How to intervene
At New York, India has gone along with the United Nations Security Council Resolution imposing a few sanctions against the Libyan regime — arms embargo, travel ban, freeze on accounts of the leadership.
But New Delhi has found it necessary to explain its vote because of domestic squeamishness about Western intervention in Libya.
Senior officials have suggested that Delhi was not even for sanctions, but had to go along with the consensus in New York.
The government's defensiveness suggests that Delhi has reverted to form — with all its humbug and hypocrisy about non-intervention as a high principle of India's foreign policy — at the very first major diplomatic test since it joined the UNSC as a non-permanent member in January.
It is a good moment, then, to scrutinise the Indian myth about non-intervention. For one, it is attributed to Jawaharlal Nehru who supposedly invented "Panchsheel", the alleged foundation of India's foreign policy.
The truth, however, is it was Chinese premier Zhou Enlai who insisted on putting the Panchsheel into the preamble of the 1954 agreement on trade and intercourse with the Tibet region of China and India.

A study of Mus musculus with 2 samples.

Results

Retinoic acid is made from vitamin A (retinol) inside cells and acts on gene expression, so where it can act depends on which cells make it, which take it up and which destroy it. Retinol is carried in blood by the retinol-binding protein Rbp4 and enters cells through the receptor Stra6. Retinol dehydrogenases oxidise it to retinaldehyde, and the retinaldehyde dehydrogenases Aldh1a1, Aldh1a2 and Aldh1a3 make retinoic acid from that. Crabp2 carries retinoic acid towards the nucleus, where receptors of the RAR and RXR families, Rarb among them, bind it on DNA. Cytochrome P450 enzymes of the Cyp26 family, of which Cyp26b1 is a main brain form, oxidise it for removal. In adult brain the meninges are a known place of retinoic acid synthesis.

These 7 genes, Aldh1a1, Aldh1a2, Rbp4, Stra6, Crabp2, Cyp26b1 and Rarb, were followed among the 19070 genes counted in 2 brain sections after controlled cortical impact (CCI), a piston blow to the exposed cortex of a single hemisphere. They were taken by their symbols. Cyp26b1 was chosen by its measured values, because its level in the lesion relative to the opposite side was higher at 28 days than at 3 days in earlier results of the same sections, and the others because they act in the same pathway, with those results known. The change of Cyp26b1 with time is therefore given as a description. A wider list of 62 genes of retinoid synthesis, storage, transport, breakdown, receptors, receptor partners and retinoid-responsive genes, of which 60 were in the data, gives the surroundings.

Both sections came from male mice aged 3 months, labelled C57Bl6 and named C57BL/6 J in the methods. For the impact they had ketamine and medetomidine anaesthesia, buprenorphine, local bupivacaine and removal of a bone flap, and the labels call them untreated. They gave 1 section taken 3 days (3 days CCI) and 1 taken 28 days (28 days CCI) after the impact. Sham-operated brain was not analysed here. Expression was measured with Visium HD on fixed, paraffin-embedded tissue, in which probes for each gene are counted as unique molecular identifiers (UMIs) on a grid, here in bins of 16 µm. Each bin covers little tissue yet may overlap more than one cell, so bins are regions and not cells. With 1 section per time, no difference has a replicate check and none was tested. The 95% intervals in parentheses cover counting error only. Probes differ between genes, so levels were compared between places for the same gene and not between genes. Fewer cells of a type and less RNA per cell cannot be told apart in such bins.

Zhou Enlai had good reasons. When China emphasised non-intervention, it was about insisting that India lay off Tibet and cede the many special privileges Delhi had inherited from the Raj.
Paradoxical as history tends to be, Delhi and Beijing have conformed to Panchsheel more in breach than observance.
Second, if you ask any of our smaller neighbours in the subcontinent about India's commitment to Panchsheel, they might laugh but for the fact that they find themselves at the receiving end of Indian interventions.